The first time I met Junior Seau was in 1990. He was about to leave USC for the NFL, while I was an incoming USC freshman. He was a big reason I chose USC — how good he was and how well they used him. Junior was a different kind of player than the linebackers you saw back then. He was the kind of linebacker I wanted to be. We were doing a photo shoot, and he told me he was going to give me his number, No. 55.

He didn’t need to explain what that meant. He was one of the best players in college football, and I understood immediately what a big responsibility it was. Junior wanted to start a new tradition — the tradition of the best linebacker in the country going to USC and wearing that No. 55 jersey. I had big shoes to fill, and I like to think that I carried on the tradition as Junior had hoped — and that guys like Chris Claiborne and Keith Rivers, who came after me, carried it even further.

That was the first thing I learned about Junior Seau: He was fiercely proud and unconditionally loyal. That No. 55 was his way of leaving his lasting mark on the USC football program, but also of giving back to the program by giving the best linebackers in the country another reason to choose USC.

The No. 55 is a great USC tradition, and it all started with Junior.

If you knew Junior off the field but never saw him play, you’d wonder how such a kind, caring person could be capable of the mayhem he caused on the football field. He was truly a gentle giant, and he was the perfect linebacker. He played the game and the position the way it was meant to be played — smart, fierce and nasty, but always clean — and he lived how you should live off the field, always smiling, always laughing.

I don’t know that there has ever been a player — or human being — more worthy of enshrinement in the Pro Football Hall of Fame, which we’ll see happen this weekend. And without him there to accept the honor, it will be as bittersweet a ceremony as we’ve ever seen.

When I learned about Junior’s death, I was just sad. I was shocked, like everybody else, and I had so many questions, but more than anything, I was just sad. I would think about him and my mind and my heart would fill with the joy I remembered from the times we spent together, and it would instantly turn to sadness that I’ll never get to experience those times again. For those of us who knew him and got to see him play, those memories are what we hold onto.

Junior Seau was a lot of things. He was proud and loyal, like he was at USC. He was always upbeat, always happy to see you. He was always cracking jokes, making people laugh and having a great time. He called everyone “Buddy,” probably because he saw everybody as a friend.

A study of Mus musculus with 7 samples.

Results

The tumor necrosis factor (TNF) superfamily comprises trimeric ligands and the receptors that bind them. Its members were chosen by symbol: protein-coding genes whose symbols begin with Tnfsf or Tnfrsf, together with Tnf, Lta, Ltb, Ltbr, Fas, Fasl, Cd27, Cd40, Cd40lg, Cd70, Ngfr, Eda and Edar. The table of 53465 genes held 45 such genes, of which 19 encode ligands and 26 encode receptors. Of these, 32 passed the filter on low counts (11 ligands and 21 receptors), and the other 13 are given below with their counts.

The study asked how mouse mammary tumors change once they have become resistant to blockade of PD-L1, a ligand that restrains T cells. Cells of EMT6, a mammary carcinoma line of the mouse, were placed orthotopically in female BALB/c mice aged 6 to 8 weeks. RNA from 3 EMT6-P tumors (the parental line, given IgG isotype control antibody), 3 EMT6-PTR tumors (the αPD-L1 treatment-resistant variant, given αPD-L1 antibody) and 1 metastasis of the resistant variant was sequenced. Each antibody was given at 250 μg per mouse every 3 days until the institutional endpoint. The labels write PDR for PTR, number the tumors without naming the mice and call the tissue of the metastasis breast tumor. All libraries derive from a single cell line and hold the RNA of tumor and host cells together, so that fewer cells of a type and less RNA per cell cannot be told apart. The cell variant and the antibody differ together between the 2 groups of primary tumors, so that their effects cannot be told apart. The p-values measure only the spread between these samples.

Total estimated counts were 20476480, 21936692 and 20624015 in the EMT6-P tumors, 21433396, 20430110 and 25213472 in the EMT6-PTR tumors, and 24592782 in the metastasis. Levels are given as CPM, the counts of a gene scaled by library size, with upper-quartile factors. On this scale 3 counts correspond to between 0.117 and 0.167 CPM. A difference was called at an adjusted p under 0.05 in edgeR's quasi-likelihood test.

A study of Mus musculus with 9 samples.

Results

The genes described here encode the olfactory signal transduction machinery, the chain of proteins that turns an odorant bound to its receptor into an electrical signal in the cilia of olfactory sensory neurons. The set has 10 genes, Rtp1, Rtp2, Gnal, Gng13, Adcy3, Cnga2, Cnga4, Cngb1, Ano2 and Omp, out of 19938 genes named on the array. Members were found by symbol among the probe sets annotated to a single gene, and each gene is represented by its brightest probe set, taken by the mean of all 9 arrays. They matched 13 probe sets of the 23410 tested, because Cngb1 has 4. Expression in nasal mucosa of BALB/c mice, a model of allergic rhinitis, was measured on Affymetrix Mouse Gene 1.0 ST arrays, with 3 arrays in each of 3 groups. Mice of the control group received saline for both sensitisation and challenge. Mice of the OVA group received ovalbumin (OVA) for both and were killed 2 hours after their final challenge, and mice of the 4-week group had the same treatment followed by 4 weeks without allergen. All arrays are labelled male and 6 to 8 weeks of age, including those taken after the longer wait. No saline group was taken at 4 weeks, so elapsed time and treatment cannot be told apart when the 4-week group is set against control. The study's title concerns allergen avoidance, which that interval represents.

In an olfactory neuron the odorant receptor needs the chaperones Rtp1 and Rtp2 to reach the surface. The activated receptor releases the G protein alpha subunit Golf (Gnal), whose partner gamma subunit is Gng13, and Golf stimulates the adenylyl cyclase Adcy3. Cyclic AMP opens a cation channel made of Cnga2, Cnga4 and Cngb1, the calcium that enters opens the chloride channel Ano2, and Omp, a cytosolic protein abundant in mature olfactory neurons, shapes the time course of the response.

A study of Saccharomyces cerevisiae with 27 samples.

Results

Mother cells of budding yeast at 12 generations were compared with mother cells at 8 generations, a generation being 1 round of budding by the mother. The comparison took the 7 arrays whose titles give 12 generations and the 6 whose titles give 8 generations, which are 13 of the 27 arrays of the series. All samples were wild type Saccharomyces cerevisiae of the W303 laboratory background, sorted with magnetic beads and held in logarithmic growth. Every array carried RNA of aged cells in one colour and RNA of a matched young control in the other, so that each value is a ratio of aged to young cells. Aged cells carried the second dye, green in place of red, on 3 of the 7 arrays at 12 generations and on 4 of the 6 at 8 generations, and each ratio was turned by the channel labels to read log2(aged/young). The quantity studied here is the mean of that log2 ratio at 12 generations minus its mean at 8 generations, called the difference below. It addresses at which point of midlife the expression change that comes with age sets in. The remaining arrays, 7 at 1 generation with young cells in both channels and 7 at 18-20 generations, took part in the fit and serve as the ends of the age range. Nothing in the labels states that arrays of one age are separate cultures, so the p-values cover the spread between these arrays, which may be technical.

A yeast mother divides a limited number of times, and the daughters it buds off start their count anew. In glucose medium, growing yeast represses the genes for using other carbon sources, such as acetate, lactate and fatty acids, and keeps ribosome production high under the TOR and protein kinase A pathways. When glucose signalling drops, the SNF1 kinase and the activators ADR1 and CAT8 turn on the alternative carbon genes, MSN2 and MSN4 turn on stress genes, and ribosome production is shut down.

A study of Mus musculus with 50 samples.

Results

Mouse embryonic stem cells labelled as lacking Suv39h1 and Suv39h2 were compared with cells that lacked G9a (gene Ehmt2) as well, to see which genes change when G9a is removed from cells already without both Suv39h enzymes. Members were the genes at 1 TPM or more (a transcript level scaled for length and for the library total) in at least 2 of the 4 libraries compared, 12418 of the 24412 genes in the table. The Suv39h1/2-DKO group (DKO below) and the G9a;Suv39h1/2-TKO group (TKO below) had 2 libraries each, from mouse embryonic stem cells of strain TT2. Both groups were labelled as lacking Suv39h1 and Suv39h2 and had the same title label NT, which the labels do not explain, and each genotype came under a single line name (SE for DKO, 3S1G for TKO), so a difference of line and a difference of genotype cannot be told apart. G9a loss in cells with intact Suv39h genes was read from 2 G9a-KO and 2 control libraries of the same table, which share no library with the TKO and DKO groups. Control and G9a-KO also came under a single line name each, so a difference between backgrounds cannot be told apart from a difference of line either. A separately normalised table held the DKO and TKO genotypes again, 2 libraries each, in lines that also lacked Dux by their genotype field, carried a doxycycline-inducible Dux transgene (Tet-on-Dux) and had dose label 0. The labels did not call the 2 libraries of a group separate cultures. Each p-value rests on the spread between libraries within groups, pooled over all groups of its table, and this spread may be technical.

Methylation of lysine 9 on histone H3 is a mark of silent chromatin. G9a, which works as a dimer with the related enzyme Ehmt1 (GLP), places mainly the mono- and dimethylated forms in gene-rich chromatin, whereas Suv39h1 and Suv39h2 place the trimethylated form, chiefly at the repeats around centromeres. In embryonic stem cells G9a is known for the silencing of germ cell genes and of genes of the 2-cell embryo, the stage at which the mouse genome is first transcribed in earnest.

And when I say he called everyone “Buddy,” I mean everyone.

When he first got to New England, he and the rest of the team were in a meeting watching film when Bill Belichick started to get on him about something he saw on tape — in front of the whole team. Now, Junior was coming from 13 years and 12 straight Pro Bowls in San Diego, and he wasn’t used to what we’ll call Coach Belichick’s “unique” coaching style. Some coaches give the leaders and the superstars on the team a little different treatment. Maybe they don’t get yelled at as much or they get a little more leeway than the rest. Not with Coach Belichick. He’ll get on everybody the same, whether you’re Tom Brady or the backup long-snapper.

Junior wasn’t used to that. So after the meeting, he went up to Coach Belichick and said, “Hey, Buddy… Buddy… you can’t get on me like that in front of everybody.” He obviously learned pretty quickly that things were different in New England, and that was probably one of Coach Belichick’s introductions as to how friendly and non-confrontational Junior was. It was also Junior’s first glimpse of what makes Coach Belichick the best in the business.

Hey Buddy… Buddy… The guys in the locker room had a good laugh at that one.

I remember when he first came to New England. I was leaving the Patriots just as Junior got there, so we just missed playing together. I wore No. 55 — naturally — in New England and he wore No. 55 in San Diego. As I was leaving New England to join the Browns that offseason, my phone rang, and it was Junior and Coach Belichick. Junior wanted to ask me personally for my blessing for him to wear the No. 55 jersey as a Patriot.

This, the same guy who gave me the number so many years before to start that USC tradition, was asking me for permission to wear the number in New England.

That was Junior. All class, all the time.

Of course, I gave him my blessing. He was the reason I wore it and the reason it stands for what it still represents today. If I had stayed in New England, we would’ve both had to wear No. 5, because there’s no way I’d take that number from him and no way he’d let me give it up. That’s just the kind of guy he was.

Junior is remembered for so much more than the player he was on the field. He’s remembered for the gentle giant he was off it and the joy he brought to every person he came in contact with. He affected so many people’s lives in a positive way with his energy, his personality and his giving spirit.

Yeah, it’s going to be a bittersweet weekend in Canton. They’ll unveil Junior’s Hall of Fame bust and he’ll go where he belongs, among the greatest to ever play this game. They’ll show his highlights of the plays he made on the field — plays no other linebacker could make. The speed, the ferocity, the intelligence. The film will always be there to remind us of who he was on the field, but for those of us who were lucky enough to know him, the memories we have of the man he was off it will always be the first thing we think about when we hear the name Junior Seau. He was the perfect linebacker, but first and foremost, he was a great human being.

Congratulations, Junior. There’s nobody more deserving.